PT Protocols

Non-surgical progressive throwing program For baseball

The Non-Surgical Progressive Throwing Program is designed for minor injuries to the shoulder. It covers a period of three and a half to four weeks.  For more involved injuries and post-surgical shoulders, please refer to the Surgical Progressive Throwing Program.

During warm-up, it is important to use heat prior to stretching (e.g., hot pack, whirlpool, hot shower, etc.). Heat increases circulation and activates some of the natural lubricants of the body. Perform stretching exercises after applying the heat modality and then proceed with the throwing program. Use ice after throwing to reduce cellular damage and decrease the inflammatory response to microtrauma.

  1. Proceed through each step in order, one step per day (DO NOT SKIP STEPS).
  2. Rest one day in between each step.
  3. Proceed to the next step only if you are able to throw without pain or discomfort.
  4. If at any time during any step you experience pain or discomfort, STOP AND REST. If the pain or discomfort is not relived after your day of rest, do not proceed with the next step. Rest an additional day if necessary and repeat the step in which you experienced the discomfort before progressing to a new step.


  • Toss the ball (no wind-up), not more than 20 feet. Tossing should be limited to 2-3 sessions, 10-15 min/session.


  • Increase the tossing distance to 30 - 40 feet. Continue 2-3 sessions, 10-15 min/session.


  • Lob the ball (playing catch with an easy wind-up) not more than 30 feet.
  • Continue 2-3 sessions, 10 -15 min/session.


  • Increase the distance to 40 - 50 feet while still lobbing the ball (easy wind-up).
  • Schedule the throwing program and strengthening program on alternate days.
  • Increase the throwing time to 15-20 min/session, 2-3 sessions.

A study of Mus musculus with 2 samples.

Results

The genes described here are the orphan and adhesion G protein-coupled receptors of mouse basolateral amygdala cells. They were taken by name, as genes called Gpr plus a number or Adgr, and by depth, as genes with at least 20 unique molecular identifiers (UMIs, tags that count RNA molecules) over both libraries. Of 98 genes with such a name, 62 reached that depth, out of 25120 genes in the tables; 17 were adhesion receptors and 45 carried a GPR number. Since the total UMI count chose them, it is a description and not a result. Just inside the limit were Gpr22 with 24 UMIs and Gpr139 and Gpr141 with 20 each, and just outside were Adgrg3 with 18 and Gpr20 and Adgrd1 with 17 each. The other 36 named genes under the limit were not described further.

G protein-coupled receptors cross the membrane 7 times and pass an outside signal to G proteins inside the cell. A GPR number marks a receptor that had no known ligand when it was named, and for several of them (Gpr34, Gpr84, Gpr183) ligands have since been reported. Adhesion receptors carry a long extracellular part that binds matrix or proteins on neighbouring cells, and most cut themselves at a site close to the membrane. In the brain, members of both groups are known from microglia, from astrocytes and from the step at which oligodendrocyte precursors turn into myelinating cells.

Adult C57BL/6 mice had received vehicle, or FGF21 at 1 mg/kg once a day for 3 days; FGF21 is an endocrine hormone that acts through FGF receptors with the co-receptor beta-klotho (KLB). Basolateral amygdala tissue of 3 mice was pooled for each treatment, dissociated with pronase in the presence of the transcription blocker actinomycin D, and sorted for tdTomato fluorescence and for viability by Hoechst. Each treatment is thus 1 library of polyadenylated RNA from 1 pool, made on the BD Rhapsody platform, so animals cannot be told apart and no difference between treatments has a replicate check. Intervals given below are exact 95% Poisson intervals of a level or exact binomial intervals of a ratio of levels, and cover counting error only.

• Increase the distance to 60 feet while still lobbing the ball with an occasional straight throw at not more than one-half (1/2) speed. Increase the throwing time to 20 - 25 minutes per session.


  • Perform long, easy throws from the mid-outfield (150 - 200 feet), getting the ball barely back to home plate on 5 - 6 bounces. This is to be performed for 20 - 25 minutes per session.


  • Perform long, easy throws from the deepest portion of the outfield, with the ball barely getting back to home plate on numerous bounces. This is to be performed for 25 - 30 minutes per session.


Execute stronger throws from the mid-outfield, getting the ball back to home plate on 1 - 2 bounces. This should be performed approximately 30 - 35 minutes per session.


  • Perform short, crisp throws with a relatively straight trajectory from the short outfield on one bounce back to home plate. These throws should not be performed for more than 30 minutes.
  • Continue with your body conditioning program (i.e., strength, flexibility, and endurance). Days in which strengthening and throwing programs occur on the same day, schedule the throwing program in the morning and the strengthening program in the afternoon.

STEP 10:

  • Return to throwing from your normal position (e.g., from the mound if you are a pitcher). The throw should be at one-half to three-fourths speed, with emphasis on technique and accuracy. A throwing session should not be more than 25 minutes.

STEP 11:

  • Throw from your normal position at three-fourths to full speed. Throwing sessions should not be more than 30 minutes.

STEP 12:

  • Simulate a game day situation. Warm-up with the appropriate number of pitches and throw your average number of innings. Take the usual rest breaks between innings. Return to the normal pitching regimen or routine based on input from the team doctor, physical therapist, athletic trainer, coach, and most important of all, the athlete.

*If problems arise, contact your therapist, athletic trainer or physician.